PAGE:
The letters of Charles Tomlinson and George Oppen, 1963–1981
George Oppen’s poetry first caught the eye of Charles Tomlinson when he singled out The Materials from a number of books that had been sent to him for review. It was a momentous discovery, leading to a prompt exchange of letters and their first meeting, followed by a steadily deepening friendship that lasted until Oppen’s death in 1984. Over time and space — the physical distance separating Tomlinson’s Brook Cottage in Gloucestershire from Oppen’s Brooklyn, and later San Francisco — the sense of what united them as poets grew ever stronger. For Tomlinson, escaping British insularity, it had been American poetry exemplified by Marianne Moore and Wallace Stevens, then above all by William Carlos Williams, which had brought a liberating force of clean-cut exactness to his own work. Therefore the impact of a writer in the same invigorating tradition, though this time an Objectivist of the 1930s publishing again after a silence of twenty-eight years, was the basis for an increasing admiration that continued with the appearance of Oppen’s subsequent collections, This in Which (1965), Of Being Numerous (1968), and Seascape: Needle’s Eye (1972). As we see in the letters, it was an admiration returned by Oppen for Tomlinson’s own books — The Necklace (1955, 1966), Seeing Is Believing (1958, 1960), A Peopled Landscape (1963), American Scenes (1966), The Way of a World (1969), Written on Water (1972), and The Way In (1974). But, as the letters also show, Oppen was struck in turn, and from his American standpoint, by the native rootedness which he saw being defended in Tomlinson’s distinctly English verse. Just as Charles Reznikoff’s lines about “a girder / still itself among the rubbish,” would remain for Oppen a talisman of special constancy, so words from A Peopled Landscape, “Our language is our land,” resonate throughout his letters as a mark of all that came to be shared by two remarkable poets in a conversation across the years.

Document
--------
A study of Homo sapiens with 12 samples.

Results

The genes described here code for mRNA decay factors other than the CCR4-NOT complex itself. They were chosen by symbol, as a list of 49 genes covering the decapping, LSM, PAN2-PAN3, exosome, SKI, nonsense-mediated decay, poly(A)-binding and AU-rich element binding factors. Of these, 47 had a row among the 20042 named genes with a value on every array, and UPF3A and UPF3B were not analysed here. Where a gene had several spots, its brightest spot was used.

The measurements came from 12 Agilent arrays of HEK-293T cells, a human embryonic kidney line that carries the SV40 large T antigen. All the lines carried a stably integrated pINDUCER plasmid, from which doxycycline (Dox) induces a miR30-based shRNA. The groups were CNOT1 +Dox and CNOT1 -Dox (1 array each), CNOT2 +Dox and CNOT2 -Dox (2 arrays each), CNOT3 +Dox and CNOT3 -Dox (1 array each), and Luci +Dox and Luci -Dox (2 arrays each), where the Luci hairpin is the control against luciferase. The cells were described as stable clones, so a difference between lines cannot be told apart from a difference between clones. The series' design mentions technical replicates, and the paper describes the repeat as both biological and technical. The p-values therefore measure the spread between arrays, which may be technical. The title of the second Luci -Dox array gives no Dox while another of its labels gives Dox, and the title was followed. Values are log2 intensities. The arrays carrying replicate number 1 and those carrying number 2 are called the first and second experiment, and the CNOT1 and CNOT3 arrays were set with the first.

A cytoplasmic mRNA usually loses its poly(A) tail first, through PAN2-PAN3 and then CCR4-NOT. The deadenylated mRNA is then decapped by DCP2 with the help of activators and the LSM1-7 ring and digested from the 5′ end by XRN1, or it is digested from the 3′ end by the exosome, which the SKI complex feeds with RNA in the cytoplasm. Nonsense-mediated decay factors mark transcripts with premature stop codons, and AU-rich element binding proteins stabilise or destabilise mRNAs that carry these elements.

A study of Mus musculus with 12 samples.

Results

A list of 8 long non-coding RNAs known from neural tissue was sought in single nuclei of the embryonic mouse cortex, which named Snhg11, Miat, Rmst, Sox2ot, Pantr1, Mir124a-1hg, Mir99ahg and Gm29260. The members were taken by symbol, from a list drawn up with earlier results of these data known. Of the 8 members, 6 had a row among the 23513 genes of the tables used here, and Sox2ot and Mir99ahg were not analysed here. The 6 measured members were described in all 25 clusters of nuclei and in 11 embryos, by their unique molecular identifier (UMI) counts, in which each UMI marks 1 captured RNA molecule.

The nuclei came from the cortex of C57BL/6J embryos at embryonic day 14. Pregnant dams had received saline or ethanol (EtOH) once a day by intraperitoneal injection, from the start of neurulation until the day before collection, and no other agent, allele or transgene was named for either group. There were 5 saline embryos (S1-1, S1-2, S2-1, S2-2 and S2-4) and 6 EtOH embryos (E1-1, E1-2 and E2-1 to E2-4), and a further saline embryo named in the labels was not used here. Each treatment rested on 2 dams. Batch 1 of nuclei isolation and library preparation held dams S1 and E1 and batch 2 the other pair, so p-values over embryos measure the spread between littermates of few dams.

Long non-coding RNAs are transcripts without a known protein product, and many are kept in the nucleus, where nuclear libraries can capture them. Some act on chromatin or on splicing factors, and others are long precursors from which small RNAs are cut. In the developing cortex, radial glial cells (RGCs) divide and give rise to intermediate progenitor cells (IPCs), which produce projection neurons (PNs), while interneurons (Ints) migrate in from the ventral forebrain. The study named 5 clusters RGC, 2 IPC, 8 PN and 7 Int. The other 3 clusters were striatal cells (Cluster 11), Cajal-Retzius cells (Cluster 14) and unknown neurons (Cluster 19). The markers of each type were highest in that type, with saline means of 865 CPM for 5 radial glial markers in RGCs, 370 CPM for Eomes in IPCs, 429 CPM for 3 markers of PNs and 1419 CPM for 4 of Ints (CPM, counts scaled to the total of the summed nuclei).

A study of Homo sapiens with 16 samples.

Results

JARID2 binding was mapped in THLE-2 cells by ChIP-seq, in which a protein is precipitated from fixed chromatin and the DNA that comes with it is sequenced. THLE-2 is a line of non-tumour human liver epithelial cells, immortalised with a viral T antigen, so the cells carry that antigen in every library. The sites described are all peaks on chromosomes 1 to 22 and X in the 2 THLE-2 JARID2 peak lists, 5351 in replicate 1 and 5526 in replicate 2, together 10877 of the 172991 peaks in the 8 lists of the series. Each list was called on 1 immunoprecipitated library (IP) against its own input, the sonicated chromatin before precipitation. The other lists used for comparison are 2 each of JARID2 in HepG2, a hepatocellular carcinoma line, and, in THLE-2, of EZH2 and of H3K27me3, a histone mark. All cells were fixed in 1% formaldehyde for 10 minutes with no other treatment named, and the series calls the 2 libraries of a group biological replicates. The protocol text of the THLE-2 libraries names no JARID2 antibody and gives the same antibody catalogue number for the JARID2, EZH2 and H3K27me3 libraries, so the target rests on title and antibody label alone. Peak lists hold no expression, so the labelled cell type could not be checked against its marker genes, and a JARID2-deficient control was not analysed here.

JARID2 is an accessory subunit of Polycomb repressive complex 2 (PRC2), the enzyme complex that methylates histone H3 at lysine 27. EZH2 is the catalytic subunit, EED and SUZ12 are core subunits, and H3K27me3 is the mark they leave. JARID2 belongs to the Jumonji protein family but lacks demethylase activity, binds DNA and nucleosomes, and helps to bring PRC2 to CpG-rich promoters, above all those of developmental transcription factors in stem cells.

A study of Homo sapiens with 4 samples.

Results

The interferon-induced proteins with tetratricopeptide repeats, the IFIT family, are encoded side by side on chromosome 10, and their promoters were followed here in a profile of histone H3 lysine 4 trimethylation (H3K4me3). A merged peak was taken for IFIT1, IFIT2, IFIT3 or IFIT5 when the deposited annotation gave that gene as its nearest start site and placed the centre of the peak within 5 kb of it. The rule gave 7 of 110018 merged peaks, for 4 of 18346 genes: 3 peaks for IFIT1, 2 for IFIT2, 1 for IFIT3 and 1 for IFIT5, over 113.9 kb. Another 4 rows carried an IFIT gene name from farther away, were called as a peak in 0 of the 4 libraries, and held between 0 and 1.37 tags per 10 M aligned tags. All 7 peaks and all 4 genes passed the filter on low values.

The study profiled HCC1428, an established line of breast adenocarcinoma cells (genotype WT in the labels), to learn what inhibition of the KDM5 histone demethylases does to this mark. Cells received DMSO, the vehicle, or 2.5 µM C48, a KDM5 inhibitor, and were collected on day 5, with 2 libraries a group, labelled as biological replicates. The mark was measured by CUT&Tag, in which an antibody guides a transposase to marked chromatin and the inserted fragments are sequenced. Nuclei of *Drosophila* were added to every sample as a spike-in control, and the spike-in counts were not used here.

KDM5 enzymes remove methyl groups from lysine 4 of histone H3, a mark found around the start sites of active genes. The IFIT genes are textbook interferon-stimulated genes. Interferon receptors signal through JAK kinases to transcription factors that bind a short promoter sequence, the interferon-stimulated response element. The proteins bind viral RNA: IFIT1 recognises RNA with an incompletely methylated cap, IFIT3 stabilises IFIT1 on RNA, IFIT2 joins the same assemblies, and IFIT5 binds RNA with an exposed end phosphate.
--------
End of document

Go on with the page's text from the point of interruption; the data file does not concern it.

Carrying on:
Henry Street, Brooklyn. The entrance to 364 is at the extreme left, by the steps with railings (photo courtesy of Brooklyn Historical Society).
Note on the text: Addresses, names, and dates have been regularized, but Oppen’s irregular style of paragraphing at certain points has been retained, as well as his spacing and split dashes (- -). All Tomlinson’s letters were handwritten, and all by Oppen were typed, except for letters 73 and 77. Explanatory footnotes, when given, immediately follow individual letters. Letters 4, 12, 23, 35, 65 and 75 previously appeared in The Selected Letters of George Oppen, ed. Rachel Blau DuPlessis (Durham: Duke University Press, 1990), though letter 75 is dated here January 24, 1972, not 1971, as in The Selected Letters. © 2014 Charles Tomlinson and Linda Oppen.